24km (15 miles) E of Chur; 11km (7 miles) S of Klosters
Along with St. Moritz and Zermatt, Davos has some of the finest sports facilities in the world, as well as a diversified choice of après-ski entertainment. The variety of activities makes it a favorite vacation spot for the chic and wealthy as well as for the hundreds of ordinary folk just out to have a good time in the mountains.
The name Davos (first Tavauns, later Dafaas) entered written history in 1160 in a document in the Episcopal archives of Chur. In 1289, a group of families from the Valais established homes here. In 1649, the town bought its freedom from Austria.
The two sections, Davos-Platz and Davos-Dorf, were once separate entities, but in the past 25 years or so, construction on the land between the two has served to join them, making Davos today somewhat larger than St. Moritz.
The canton of Davos is the second largest in Switzerland. The high valley that contains it is surrounded by forest-covered mountains that shelter it from rough winds. Thus the area has a bracing climate, which has proven ideal for a summer-and-winter resort. Davos first entered the world limelight as a health resort in the 19th century, when Dr. Alexander Spengler prescribed mountain air for his tuberculosis patients. He brought the first summer visitors here in 1860 and the first winter ones 5 years later. There are still several sanatoriums in the area.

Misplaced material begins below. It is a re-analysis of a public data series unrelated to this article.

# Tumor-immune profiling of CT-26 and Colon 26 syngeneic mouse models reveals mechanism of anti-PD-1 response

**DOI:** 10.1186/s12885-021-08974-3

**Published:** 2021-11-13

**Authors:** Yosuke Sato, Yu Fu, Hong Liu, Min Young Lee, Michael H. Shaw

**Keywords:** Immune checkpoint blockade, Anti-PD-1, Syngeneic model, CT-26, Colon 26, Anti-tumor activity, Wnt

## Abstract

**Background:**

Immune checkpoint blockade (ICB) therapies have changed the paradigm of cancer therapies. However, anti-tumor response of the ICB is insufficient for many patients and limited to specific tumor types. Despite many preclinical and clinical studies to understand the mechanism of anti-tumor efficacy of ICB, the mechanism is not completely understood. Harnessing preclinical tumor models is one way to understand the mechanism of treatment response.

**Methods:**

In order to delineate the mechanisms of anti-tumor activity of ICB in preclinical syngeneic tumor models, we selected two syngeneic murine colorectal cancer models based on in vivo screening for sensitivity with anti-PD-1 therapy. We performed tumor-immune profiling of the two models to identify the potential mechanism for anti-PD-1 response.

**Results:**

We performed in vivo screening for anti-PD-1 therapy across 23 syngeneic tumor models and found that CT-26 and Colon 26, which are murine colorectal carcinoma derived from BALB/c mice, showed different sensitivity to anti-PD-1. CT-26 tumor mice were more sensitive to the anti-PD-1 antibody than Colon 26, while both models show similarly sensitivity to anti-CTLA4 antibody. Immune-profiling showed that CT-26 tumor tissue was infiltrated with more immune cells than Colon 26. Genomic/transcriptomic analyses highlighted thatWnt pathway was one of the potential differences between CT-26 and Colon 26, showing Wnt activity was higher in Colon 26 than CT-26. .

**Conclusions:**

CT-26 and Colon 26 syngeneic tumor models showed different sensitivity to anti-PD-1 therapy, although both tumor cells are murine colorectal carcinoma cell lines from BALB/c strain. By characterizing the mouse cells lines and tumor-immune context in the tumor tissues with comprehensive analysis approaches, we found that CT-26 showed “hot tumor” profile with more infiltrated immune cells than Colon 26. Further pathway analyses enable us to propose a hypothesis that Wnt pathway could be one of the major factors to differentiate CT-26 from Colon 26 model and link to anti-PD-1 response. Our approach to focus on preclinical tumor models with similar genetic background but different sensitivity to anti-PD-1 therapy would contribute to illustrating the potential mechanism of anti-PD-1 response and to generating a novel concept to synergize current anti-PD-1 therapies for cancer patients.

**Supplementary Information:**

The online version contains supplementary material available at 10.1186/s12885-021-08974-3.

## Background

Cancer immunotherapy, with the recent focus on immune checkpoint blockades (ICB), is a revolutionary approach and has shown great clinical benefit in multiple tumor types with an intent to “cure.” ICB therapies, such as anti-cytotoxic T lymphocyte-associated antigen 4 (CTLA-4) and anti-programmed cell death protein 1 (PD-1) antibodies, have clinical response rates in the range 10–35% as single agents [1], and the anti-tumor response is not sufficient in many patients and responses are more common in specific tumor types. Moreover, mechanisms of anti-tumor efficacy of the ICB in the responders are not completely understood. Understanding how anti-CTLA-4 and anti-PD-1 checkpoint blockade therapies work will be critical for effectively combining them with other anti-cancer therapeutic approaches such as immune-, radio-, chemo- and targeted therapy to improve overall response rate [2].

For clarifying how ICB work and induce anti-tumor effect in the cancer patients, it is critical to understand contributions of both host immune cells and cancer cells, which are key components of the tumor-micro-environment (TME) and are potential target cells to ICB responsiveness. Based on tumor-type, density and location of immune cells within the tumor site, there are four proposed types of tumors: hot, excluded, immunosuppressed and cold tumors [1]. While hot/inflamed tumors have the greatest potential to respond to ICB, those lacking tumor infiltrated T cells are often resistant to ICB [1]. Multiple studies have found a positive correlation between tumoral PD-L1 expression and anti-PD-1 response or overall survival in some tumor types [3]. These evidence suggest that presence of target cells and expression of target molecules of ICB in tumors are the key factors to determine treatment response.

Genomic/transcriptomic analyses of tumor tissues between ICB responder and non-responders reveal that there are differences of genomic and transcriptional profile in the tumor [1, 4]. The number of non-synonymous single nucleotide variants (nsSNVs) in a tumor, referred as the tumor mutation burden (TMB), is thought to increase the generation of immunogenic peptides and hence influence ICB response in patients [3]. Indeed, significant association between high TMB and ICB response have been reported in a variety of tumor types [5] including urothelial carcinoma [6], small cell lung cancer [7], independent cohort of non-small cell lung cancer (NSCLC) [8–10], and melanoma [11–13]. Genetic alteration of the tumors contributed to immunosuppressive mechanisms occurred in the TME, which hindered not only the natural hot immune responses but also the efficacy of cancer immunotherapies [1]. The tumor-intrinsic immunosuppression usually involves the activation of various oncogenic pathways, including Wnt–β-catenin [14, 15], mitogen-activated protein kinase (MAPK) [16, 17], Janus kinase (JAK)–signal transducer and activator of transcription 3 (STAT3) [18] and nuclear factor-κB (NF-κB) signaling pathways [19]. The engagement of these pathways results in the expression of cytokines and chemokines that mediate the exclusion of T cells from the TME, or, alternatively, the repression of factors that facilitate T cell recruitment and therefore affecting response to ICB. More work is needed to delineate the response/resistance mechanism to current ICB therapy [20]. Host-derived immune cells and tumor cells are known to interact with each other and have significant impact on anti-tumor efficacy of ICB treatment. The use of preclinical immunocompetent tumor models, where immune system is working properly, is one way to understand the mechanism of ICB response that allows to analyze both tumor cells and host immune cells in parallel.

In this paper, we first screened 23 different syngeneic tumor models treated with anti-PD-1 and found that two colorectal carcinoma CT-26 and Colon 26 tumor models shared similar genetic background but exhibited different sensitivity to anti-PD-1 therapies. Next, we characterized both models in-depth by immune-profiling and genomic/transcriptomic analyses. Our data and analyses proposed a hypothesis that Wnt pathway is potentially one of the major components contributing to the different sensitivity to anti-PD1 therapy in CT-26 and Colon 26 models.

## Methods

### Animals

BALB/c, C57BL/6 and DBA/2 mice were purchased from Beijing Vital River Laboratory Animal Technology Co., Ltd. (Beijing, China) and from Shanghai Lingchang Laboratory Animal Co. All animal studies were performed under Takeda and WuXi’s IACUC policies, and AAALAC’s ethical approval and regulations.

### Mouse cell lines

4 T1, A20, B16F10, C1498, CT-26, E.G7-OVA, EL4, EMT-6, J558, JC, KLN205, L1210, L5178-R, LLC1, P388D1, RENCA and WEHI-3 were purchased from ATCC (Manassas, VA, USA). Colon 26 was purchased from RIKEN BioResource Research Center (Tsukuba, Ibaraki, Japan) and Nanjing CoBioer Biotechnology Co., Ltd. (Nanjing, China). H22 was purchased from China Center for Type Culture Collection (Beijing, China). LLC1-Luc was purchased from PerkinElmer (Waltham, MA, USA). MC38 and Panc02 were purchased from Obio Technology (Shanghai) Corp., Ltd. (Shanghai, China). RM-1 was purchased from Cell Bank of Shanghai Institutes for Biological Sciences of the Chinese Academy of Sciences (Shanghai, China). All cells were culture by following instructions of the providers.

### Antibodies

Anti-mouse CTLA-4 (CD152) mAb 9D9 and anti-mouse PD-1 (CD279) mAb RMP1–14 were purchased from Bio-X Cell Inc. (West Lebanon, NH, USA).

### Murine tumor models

Thomas Mann used Davos, at the foot of the Zauberberg (Magic Mountain), as the setting for his famous novel The Magic Mountain. He visited the resort when his wife went there briefly in 1913 for her health, seeing it as a symbol of the general malaise that afflicted Europe on the eve of World War I. Robert Louis Stevenson wrote the last seven chapters of Treasure Island here between 1881 and 1882, as he, too, tended his consumptive wife. Another writer, Sir Arthur Conan Doyle, engaged in a daring run on skis over the Furka Pass to Arosa. Unfortunately, the much-celebrated villa-hotel where all three writers stayed, Am Stein, contains only private apartments and cannot be visited.
The German painter Ernst Ludwig Kirchner (1880-1938) lived at Davos from 1917 until his death. He was a leading exponent of the expressionist movement.
In addition to being a well-known summer-and-winter vacation resort, Davos is also a health spa, a sports center, and an important venue for international meetings. Whether you're a hiker, mountain biker, downhill or cross-country skier, hang-glider, or ice-sports fan, Davos is an ideal place, and many nonathletes visit just for the relaxation. There's a wide choice of hotels, restaurants, bars, and discos, plus museums and concert and theater performances.